After changing owners a number of times, including separate stints in the hands of a Confederate Civil War general and a retired sea captain, the 152-acre plot of Mayfair Country Club was bought by the city of Sanford in 1922. The city quickly built four holes around the beautiful citrus trees and double row of oak trees, opening for business that same year under the title Sanford Country Club. By 1924, an 18-hole course opened and began to attract big-name golfers, including Gene Sarazen and Walter Hagen.
Unfortunately, the course’s upkeep was neglected during the nation's Great Golf-Ball Shortage. After the Depression passed, a small group of investors renovated the course and reopened it in 1945 under the name Seminole Country Club. The course wouldn’t be called the Mayfair Country Club until the late 1940s, when it was acquired by the NFL's New York Giants, a development that led to the course's hosting of PGA tour events from 1955 to 1957 and regular visits from legends such as Sam Snead and Arnold Palmer.
Today, players can walk the same fairways as the game's greats while grappling with the course’s difficult layout, named a Best Course to Play by Golf Digest. Opportunities for high-risk, high-reward shots abound, as two of the four par 5s measure less than 450 yards and the fairways remain as wide and inviting as they were in 1922, having managed to avoid growing thin and feeble with old age.
Course at a Glance:
Dickens Coffee and Tea Room hosts authentic British afternoon tea services in a whimsical and refined storefront led by a Welsh proprietor. Elaborate tea settings crown floral tablecloths, incorporating mismatched but complementary china depicting elegant patterns, lush flowers, or Welcome Back Kotter’s quadricentennial. Tiered silver stands stack individual noshes, beginning with a base of ham, cucumber and cream cheese, and egg-salad sandwiches made with local eggs, all spread upon specialty bread imported from Britain. Middle tiers teem with homemade cakes and pastries, and scones await slatherings of jam and cream on their perch atop the tea summit. Steaming pots of tea pour into delicate cups, complementing every sweet or savory Anglophilic bite. While sipping, patrons can fix their eyes on a stately wall mural portraying a Victorian street scene of storefronts, horse-drawn carts, and Dickens besting Thackeray at fisticuffs.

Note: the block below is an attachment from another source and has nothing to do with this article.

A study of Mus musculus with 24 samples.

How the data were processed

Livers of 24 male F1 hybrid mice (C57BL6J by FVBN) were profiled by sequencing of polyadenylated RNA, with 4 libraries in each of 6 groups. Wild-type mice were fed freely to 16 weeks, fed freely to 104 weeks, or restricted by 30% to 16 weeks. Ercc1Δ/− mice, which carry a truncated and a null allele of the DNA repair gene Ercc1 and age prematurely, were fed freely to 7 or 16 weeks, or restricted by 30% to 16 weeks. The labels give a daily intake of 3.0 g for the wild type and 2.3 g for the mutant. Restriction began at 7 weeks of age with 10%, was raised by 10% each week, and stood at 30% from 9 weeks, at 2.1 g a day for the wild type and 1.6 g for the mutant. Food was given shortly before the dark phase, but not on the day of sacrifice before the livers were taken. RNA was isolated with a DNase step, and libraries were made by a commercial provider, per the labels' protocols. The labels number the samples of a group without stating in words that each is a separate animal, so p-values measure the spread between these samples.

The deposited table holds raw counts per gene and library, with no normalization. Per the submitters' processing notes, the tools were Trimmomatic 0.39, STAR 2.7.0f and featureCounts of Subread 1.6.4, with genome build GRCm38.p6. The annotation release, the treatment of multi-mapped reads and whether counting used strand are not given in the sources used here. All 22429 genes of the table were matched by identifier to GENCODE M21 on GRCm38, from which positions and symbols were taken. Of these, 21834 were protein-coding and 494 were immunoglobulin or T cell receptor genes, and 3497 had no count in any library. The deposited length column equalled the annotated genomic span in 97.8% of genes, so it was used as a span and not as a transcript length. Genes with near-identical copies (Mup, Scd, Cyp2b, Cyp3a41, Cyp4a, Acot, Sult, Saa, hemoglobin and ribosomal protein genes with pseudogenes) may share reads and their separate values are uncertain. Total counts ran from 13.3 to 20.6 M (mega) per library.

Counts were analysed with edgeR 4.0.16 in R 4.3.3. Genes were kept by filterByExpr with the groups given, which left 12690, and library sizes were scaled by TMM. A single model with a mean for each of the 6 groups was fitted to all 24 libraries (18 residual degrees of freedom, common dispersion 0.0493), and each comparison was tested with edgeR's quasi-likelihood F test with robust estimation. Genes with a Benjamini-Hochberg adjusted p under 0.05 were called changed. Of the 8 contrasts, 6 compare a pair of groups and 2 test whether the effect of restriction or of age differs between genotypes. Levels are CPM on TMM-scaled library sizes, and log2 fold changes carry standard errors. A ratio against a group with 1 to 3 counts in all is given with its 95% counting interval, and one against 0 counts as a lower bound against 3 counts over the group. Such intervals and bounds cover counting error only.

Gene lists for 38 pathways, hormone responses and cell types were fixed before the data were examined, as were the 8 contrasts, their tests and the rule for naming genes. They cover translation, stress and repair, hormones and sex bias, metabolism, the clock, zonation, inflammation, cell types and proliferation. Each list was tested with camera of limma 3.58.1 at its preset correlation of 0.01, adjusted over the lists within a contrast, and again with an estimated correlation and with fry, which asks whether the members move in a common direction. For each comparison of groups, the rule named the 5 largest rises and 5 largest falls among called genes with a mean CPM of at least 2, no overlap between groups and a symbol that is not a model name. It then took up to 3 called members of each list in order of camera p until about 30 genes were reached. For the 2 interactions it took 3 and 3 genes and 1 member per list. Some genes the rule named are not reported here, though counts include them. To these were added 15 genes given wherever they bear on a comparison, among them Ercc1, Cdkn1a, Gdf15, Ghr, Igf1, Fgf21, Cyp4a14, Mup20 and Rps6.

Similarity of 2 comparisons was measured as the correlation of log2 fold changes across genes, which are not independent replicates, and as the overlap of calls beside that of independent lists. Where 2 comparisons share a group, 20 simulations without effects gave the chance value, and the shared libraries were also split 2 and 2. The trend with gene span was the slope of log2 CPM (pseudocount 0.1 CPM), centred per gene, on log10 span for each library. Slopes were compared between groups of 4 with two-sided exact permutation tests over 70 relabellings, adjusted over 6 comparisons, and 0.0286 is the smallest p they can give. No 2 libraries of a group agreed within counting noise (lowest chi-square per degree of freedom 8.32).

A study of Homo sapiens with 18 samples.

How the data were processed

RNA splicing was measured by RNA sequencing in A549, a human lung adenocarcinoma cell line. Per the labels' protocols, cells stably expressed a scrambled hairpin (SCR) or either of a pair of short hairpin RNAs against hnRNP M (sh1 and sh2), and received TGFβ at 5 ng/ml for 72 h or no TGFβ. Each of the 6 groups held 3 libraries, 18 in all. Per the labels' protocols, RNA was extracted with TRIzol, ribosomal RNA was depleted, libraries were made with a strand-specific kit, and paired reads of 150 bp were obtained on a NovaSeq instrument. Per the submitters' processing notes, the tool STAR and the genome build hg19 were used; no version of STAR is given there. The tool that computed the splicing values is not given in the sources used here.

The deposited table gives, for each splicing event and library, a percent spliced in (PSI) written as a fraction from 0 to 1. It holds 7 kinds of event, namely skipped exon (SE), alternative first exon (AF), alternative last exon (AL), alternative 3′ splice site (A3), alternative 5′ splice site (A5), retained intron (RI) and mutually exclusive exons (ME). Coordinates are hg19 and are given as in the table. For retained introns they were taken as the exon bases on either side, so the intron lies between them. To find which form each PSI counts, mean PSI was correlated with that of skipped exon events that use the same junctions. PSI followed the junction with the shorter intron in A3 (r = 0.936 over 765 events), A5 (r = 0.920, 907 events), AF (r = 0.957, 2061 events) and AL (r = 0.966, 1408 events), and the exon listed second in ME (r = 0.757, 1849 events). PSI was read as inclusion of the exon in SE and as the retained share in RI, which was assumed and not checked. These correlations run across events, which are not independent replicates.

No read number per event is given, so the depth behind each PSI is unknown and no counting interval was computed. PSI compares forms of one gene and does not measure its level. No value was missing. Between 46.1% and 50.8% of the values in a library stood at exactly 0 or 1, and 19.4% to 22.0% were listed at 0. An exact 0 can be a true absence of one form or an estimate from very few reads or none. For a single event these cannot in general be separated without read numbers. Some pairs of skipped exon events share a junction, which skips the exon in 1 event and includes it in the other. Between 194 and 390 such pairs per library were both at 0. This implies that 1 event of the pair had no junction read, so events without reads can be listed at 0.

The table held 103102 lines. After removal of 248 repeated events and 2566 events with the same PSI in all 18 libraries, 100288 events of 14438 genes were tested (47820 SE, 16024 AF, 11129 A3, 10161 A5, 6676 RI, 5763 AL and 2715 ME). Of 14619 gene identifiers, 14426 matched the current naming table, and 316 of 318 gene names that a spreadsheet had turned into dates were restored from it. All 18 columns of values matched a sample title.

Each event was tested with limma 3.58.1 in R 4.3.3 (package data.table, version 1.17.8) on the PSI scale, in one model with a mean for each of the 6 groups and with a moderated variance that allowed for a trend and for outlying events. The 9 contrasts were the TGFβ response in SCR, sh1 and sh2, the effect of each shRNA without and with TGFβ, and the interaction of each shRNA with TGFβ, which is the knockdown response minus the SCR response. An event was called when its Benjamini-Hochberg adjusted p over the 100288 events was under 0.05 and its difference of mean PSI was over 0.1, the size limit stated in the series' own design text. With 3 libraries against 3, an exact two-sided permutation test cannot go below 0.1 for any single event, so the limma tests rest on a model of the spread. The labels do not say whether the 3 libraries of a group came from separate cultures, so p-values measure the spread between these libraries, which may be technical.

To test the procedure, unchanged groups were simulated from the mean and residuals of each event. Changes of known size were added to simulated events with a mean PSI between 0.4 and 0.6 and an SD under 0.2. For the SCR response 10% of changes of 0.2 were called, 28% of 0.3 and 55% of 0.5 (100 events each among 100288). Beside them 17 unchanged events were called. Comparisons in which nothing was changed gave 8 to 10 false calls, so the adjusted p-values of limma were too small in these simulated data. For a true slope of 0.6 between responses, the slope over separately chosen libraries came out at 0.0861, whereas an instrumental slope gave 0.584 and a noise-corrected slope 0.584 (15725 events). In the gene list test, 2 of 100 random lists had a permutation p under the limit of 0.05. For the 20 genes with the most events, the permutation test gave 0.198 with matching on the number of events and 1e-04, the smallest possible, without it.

In 1991, tired of sating their late-night delivery cravings with pizza, University of Florida pals Matt Friedman and Adam Scott concocted an alternative snack in their frat house's kitchen. Many hours and tweaked sauce recipes later, the duo dispensed their brand of buffalo wings to the university’s students, selling out their stock in the first two nights. Since relocating from the frat house to its two original Gainesville storefronts, Wing Zone has opened nearly 100 locations worldwide, supplying wing lovers with boneless bites covered in 17 award-winning flavors, including nuclear habanero, garlic parm, and Honey Q. Many of the pair’s flavors have garnered awards at the National Buffalo Wing Festival, which recently inducted Matt and Adam into the Buffalo Wing "Hall of Flame," where they share reigniting duty every time a strong breeze extinguishes its symbolic eternal flame.
Tutto Bene Italian Restaurant's legion of pasta professionals dish up a menu of freshly prepared, old-fashioned Italian fare and imported spirits. A savory selection of palate-pleasing lunch specials includes authentic cheese pizzas ($4.50 for two slices, $9.95 for a 14"), chicken parmigiana ($7.95), and lasagna baked to saucy perfection ($7.25). Launch a dinner rocket with a loud crunch of crispy bruschetta ($5.95), or loosen tense garlic knots with a peaceful soak in a marinara bath ($1.75 for three). Diners can twirl forks through the sautéed onions, olives, capers, and anchovies topping a fresh plate of spaghetti alla puttanesca ($10.95), or strap on complimentary snorkels for a palatable plunge into the seafood risotto, which presents a sautéed school of calamari, shrimp, clams, mussels, and marinara sauce ($16.25).
The cooks at Piada & Piada create rich Italian dishes using imported, regional Italian ingredients and products. Whether seated indoors or on the outdoor patio, diners can enjoy the eatery's signature Piadizzas—thin-crust pizzas made on imported piada bread and topped with fresh meats, veggies, and sauces. A selection of Italian craft beers and wines complement the restaurant's many entrees.